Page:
The Brexit Party launched its general election campaign in Westminster yesterday. There had been much talk that a pact – formal or tacit – between the Conservatives and Farage’s vehicle might emerge, handing them a swathe of leave-voting seats in England. Instead, Farage, speaking from the rostrum to an audience of Brexit Party candidates and registered supporters, lambasted the Tories’ ‘conceited arrogance’, mocked the ERG for falling in like ‘good little boys’ behind their leader, and lambasted Johnson’s deal for taking the UK into ‘three more years of agonising negotiations with Michel Barnier’. These are not words from which rapprochement is made. Farage himself is not standing – seven Westminster defeats perhaps enough – but intends to campaign across the country.

Farage made Johnson an offer he knew he could not accept: to junk his deal and leave on WTO terms, and form an electoral pact in the next ten days. Such a pact would represent a substantial political injury for the prime minister. Farage’s proposal is intended less as a serious offer to the Tories than as a way of laying the foundations for the Brexit Party’s continued existence after 12 December. This is familiar ground for Farage: a position to the right of the main pole of conservatism, where he can act as a lodestar for the Tory hard right, and use that leverage to extract concessions from the Conservative leadership. The relation of any actual Brexit deal to Farage’s ideal Brexit will always be asymptotic: however small the gap between them, there will be enough for Farage to holler about.

This strategy of confrontation and leverage – Farage also used it in Ukip’s heyday – is not necessarily shared by the rest of the Brexit Party cabal. Richard Tice, the party chairman, took to the airwaves more sinuously than Farage yesterday, trying to woo the Tory leadership into further negotiation. There are also rumblings of disquiet among some of the party’s candidates: John Longworth, one of the party’s MEPs, has implored the leadership to concentrate on winning twenty to thirty seats in leave-voting Labour constituencies; Paul Brothwood, the candidate in Dudley South, has stood down to endorse the pro-Brexit Tory in that marginal seat. Yet the ‘party’ lacks any internal democracy; its ‘supporters’ are financial donors – slips for ‘The Brexit Club’ of donors circulated at the launch – and decisions remain largely in Farage’s hands.

Labour Party strategists greeted the party’s 600-plus seat strategy with cautious optimism: ballots split between Conservative and Brexit Party candidates, combined with an aggressive, membership-led campaign, allowed Labour to defend Peterborough in June’s by-election. The Brexit Party leadership, however, is united in claiming its chief targets are Labour-held seats. Farage says there are at least five million Labour-voting leavers, and bragged of his ability to convert Labour voters to Ukip in the 2015 election. His estimate is too high – the number is somewhere between three and four million – and though it has entered folk wisdom that Ukip damaged Labour more than the Tories in 2015, recent work drawing on the British Electoral Survey suggests that the chief competitors for Ukip votes, and beneficiaries of their 2017 collapse, were disproportionately Conservative.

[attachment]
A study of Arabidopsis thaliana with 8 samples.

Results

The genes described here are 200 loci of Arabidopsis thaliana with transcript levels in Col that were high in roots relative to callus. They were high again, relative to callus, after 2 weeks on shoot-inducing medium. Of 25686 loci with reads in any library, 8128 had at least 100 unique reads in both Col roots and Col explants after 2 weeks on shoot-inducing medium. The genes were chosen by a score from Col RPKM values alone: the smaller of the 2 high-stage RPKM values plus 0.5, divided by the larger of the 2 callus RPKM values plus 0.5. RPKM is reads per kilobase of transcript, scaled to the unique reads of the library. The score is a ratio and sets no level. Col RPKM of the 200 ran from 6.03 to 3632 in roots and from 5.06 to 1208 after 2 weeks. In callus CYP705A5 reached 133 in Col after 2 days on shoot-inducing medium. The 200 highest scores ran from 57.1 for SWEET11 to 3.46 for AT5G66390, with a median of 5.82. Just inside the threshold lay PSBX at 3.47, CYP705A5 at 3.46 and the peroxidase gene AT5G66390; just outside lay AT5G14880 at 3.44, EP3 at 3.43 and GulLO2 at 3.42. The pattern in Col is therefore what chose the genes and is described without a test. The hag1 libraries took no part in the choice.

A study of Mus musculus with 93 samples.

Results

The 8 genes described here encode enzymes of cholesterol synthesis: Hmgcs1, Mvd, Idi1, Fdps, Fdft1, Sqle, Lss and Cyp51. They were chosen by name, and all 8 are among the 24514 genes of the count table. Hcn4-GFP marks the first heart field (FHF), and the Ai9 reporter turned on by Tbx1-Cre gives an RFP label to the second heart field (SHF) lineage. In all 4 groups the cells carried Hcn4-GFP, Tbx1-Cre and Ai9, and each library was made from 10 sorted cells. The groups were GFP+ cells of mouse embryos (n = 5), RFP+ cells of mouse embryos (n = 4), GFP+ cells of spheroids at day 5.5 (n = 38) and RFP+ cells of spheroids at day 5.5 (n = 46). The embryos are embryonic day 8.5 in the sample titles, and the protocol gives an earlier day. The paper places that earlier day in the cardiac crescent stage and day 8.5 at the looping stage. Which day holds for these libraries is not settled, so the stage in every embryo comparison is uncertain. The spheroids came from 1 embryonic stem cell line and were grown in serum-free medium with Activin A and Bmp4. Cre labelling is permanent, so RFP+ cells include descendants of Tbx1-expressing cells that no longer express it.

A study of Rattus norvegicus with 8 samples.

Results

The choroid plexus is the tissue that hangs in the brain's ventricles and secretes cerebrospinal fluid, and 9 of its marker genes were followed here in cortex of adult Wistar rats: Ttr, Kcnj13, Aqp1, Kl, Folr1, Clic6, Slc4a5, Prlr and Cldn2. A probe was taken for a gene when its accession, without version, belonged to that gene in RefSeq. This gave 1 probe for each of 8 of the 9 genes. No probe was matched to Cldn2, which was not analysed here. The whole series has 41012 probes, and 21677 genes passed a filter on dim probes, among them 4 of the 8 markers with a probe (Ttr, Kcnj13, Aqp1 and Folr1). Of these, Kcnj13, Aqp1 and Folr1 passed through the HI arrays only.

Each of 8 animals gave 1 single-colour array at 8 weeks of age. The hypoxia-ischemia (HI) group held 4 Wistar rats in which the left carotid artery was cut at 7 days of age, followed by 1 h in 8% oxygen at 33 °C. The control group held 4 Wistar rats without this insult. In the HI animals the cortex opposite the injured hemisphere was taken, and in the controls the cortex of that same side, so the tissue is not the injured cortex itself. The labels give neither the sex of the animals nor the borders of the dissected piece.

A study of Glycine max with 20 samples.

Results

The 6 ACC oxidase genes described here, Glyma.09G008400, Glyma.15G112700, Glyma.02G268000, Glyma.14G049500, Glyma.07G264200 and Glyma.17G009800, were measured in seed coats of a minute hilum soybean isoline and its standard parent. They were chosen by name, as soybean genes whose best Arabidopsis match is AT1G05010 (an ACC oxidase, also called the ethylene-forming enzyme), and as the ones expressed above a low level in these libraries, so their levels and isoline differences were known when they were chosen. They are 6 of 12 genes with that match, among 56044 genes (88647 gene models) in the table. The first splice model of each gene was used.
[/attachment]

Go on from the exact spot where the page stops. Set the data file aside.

The Brexit Party is not Ukip, however, and heuristics drawn from previous elections are barely adequate rules of thumb for the current, extremely volatile period. At its rallies, the Brexit Party has already offered – for a donation, naturally – the chance for supporters to sit down with local parliamentary candidates, and lobby them in private; in places that have suffered high-handed Labour councils or feckless MPs, this could prove powerful. The heterodox programme advocated by Tice – electoral reform, £200 billion of investment outside London, political supervision of the judiciary – suggests that some of the leadership are thinking beyond Brexit, though the programme is perhaps insufficiently Faragist to gain the guru’s imprimatur.

In any case it implies uncertainty at the top of the party over whether it should primarily be an electoral pressure group to nail the right to a hard Brexit, or try to consolidate a new constituency, Eurosceptic but otherwise ambivalent about Farage’s ultra-Thatcherite politics. Even with a nationwide offering of candidates, the Brexit Party may still concentrate on Labour-held seats. Concerns over sovereignty and self-determination are not mere ciphers for economic distress, but many pro-Brexit voters are moved by Britain’s lopsided economy and infrastructural rot – and a powerful offer on those questions from Labour could rebuff the Brexit Party’s advances.